Berkeley City Council renewed the current state of emergency caused by the COVID-19 pandemic in a nearly 10-hour-long series of meetings Tuesday.
The current state of emergency will continue until Aug. 15, which is when the declaration will be reconsidered. The city budget was also changed to allow the city to access up to one-third of the catastrophic reserve during public health emergencies, including pandemics, augment the catastrophic reserve and reappropriate general funding to tiny homes.
Motions to improve or further construct street lighting such as traffic lights, create residential preferential parking in South Berkeley and re-establish the North Shattuck Business Improvement District were all approved at the meeting.
More than 100 people spoke at the public comment session of the midyear budget meeting, many of whom expressed interest in plans to defund the Berkeley Police Department. Several in attendance asked the council to consider reducing the police budget by at least 50%.
“Use your position to show your constituents you are listening,” said Berkeley resident Melis Okter. “Ask for the immediate resignation of (BPD) chief (Andrew) Greenwood. Defund the police department that funds violent officers.”
Those in favor of Greenwood’s resignation were responding to Greenwood’s comment at a City Council meeting June 10 that his department would use firearms on protesters if it did not have access to chemical crowd dispersal agents such as tear gas. Later in the meeting, Greenwood apologized.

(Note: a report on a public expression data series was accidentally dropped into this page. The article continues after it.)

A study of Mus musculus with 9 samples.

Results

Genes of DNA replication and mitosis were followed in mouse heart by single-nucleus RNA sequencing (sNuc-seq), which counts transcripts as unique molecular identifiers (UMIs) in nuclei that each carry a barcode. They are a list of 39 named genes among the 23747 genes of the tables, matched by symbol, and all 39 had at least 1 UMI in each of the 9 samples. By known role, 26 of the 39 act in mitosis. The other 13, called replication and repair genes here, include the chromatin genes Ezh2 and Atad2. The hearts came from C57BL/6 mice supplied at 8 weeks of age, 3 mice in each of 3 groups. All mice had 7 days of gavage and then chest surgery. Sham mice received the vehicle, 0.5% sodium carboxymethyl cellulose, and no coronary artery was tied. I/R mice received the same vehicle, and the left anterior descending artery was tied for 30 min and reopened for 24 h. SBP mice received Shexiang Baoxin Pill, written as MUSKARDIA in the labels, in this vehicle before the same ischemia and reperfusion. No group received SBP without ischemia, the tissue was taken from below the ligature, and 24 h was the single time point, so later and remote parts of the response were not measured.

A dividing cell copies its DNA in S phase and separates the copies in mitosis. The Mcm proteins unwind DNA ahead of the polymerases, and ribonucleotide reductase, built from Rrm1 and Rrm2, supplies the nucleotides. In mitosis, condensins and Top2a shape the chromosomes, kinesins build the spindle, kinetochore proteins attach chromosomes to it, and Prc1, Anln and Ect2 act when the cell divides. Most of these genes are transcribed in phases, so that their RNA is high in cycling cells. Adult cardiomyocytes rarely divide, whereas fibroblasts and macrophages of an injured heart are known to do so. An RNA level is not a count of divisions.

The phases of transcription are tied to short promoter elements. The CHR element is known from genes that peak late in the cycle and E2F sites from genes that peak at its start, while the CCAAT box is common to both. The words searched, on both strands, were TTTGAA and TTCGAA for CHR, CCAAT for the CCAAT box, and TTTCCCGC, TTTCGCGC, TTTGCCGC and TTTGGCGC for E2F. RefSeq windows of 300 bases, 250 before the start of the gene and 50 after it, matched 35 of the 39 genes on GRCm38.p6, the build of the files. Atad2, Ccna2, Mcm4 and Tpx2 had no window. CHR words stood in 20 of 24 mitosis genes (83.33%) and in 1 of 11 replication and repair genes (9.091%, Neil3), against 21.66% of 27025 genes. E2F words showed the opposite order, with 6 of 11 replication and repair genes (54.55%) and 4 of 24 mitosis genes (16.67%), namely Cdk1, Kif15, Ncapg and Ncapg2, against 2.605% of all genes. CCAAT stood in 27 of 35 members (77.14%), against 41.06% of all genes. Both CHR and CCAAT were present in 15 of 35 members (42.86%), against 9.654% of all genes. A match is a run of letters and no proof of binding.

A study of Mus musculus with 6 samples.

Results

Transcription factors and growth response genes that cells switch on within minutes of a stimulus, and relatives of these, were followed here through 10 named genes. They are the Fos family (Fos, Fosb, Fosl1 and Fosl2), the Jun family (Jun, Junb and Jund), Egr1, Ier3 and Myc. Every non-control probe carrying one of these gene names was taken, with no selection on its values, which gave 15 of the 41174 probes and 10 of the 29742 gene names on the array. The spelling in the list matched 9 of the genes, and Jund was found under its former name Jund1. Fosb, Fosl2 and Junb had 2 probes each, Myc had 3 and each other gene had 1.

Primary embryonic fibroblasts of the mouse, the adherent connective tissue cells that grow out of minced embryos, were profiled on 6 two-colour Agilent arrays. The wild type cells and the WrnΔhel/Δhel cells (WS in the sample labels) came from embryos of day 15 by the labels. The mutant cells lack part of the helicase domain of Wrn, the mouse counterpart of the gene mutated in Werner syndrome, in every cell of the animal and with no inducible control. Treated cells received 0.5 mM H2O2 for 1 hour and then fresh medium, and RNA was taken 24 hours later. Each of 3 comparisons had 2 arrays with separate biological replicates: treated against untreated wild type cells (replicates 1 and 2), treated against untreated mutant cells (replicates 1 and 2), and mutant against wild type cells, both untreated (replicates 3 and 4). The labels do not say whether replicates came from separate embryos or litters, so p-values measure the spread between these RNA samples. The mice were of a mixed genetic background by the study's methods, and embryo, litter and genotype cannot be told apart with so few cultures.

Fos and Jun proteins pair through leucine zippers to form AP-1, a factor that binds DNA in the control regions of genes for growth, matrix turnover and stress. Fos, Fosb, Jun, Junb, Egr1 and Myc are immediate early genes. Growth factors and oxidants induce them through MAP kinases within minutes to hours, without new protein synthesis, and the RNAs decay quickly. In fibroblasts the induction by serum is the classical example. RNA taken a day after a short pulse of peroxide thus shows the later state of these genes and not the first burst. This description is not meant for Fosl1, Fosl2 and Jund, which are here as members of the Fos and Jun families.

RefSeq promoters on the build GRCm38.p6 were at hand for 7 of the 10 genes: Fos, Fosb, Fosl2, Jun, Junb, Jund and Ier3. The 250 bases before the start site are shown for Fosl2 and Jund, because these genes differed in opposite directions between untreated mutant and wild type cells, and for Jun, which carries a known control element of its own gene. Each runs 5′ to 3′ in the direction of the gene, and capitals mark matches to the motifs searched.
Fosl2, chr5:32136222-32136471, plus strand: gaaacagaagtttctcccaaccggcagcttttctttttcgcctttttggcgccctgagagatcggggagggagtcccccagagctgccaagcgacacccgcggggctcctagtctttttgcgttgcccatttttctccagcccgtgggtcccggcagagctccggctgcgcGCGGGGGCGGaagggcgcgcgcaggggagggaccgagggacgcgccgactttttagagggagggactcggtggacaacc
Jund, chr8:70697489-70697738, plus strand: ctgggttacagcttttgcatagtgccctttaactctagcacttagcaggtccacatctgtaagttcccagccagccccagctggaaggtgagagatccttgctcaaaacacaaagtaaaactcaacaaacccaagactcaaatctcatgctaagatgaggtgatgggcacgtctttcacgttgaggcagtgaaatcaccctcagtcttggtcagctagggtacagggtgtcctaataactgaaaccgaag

Several members of the public expressed concern about defunding BPD, however, and said they think the City Council should look into reimagining the department.
Several council members said they supported rethinking the police department’s budget, but this action was not implemented at the meeting.
“We need to transform the way we look at community safety from a budgetary standpoint and a social justice standpoint,” said Mayor Jesse Arreguín at the meeting. “There are going to be very significant cuts to the police budget.”
The City Council also considered the future site of a five-story housing project that will include very low- income housing units at 2650 Telegraph Ave. Olga Louchakova-Schwartz, who lives adjacent to 2650 Telegraph Ave., and 11 other neighbors made an appeal to deny a plan for the building.
Louchakova-Schwartz cited potential noise complaints caused by the building’s garage and outdoor terrace, as well as the potential of further COVID-19 spread due to the density of the project.
The City Council voted in favor of the project, citing that the garage’s sound is required to meet specific noise criteria to be in compliance with California’s Americans with Disabilities Act and that there is insufficient evidence to show that the project’s density will further spread the coronavirus.